Knox’s New Plays Festival opened this weekend with staged readings of Jenny Seidelman’s (’99) “Henry Moore is Melting” and Joel Pierson’s (’89) “Mitch in the Morning.”
“Henry Moore” was based on elements of a true story about thieves who stole a Henry Moore sculpture worth hundreds of thousands of pounds and sold it for scrap metal. It tells the story of Tommy (freshman Micah Snow-Cobb), the Irish traveler whose brother stole the sculpture.
Tommy wants to save the art and will try everything to preserve it.
The play benefited from spirited actors doing their best Irish accents and a script that rolls along well. Although the occasional accent was lost, any omissions were made up by Visiting Instructor of English and Theatre Sherwood Kiraly’s (’72) rendition of the “business man” Jimmy, a role he attacked with vigor.
The end of the play stumbled from the not uncommon problem of believing that a gunshot is enough to end a play on, but other than that, the audience’s time was well spent.
That being said, even if “Henry Moore” wasn’t worth the audience’s time, it would be worth sitting through for the second play, “Mitch in the Morning.”
Although “Mitch” is officially a staged reading, junior Jordyn Stewart’s production seemed more like a mix of a staged reading and a minimally staged production.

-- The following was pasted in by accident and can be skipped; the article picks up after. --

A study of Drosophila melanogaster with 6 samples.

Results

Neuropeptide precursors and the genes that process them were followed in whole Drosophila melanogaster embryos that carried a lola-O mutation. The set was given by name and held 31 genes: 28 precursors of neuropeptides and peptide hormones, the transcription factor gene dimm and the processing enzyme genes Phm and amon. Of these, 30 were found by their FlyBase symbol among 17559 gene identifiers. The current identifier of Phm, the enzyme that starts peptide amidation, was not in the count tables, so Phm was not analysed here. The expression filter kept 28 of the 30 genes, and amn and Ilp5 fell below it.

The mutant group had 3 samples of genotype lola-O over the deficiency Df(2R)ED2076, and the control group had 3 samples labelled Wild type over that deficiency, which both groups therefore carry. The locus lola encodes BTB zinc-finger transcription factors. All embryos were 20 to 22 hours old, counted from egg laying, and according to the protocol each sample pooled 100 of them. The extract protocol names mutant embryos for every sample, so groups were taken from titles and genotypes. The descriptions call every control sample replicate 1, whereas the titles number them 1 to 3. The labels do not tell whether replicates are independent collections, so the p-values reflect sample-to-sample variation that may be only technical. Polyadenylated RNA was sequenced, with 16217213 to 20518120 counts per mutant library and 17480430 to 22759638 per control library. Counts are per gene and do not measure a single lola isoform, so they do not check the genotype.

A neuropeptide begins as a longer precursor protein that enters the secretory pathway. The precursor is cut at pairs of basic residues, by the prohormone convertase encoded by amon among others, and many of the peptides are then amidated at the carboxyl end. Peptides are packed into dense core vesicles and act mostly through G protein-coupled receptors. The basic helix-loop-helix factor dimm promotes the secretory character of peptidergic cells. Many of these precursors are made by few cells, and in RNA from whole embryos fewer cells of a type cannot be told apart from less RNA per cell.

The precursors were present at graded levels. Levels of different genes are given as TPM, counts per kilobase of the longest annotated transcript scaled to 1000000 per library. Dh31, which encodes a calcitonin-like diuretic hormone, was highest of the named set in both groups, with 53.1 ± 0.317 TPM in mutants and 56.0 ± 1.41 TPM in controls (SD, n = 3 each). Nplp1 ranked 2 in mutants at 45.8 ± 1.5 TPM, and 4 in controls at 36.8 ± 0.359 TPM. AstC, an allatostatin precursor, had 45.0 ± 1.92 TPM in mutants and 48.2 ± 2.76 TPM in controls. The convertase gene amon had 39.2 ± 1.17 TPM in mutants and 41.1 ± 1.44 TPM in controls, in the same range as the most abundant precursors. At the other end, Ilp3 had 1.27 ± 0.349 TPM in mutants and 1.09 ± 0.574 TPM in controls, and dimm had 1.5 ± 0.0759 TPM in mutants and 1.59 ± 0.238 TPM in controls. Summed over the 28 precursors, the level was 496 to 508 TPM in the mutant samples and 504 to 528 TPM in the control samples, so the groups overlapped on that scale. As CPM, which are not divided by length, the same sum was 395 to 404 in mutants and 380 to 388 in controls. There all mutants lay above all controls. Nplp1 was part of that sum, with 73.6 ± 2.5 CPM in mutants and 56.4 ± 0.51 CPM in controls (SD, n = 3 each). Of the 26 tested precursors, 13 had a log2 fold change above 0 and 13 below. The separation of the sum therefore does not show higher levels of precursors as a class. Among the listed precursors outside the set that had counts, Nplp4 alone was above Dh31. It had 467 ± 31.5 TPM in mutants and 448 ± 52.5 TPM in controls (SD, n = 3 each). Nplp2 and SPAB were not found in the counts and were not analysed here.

The play tells the story of Mitch (junior Neil Phelps), a shock jock who co-hosts a morning radio show with his straight man, Lisa, and his buffoon sidekick Grunt. The three are going through a normal show until one caller threatens to shoot a man on air.
The play then shifts to an incredibly deft balance of comedy, black comedy and drama. Although the play does not take its premise lightly, it uses dramatic tension to underscore its humor, and humor to heighten its dramatic tension.
Stewart’s cast fit the parts to a “t.” Phelps as the shock jock Mitch manages to play the role with over-the-top bravado without ever losing the patches of thoughtful sincerity that occasionally surface. Freshman Hollie Dyer takes the thankless role of the straight man and actually gives it charisma. Junior Jackie Hewelt was a joy to watch as a professional buffoon.
Both playwrights had every right to be proud of the pieces they put on stage. It looks like Knox’s experiment in theater got off on the right foot.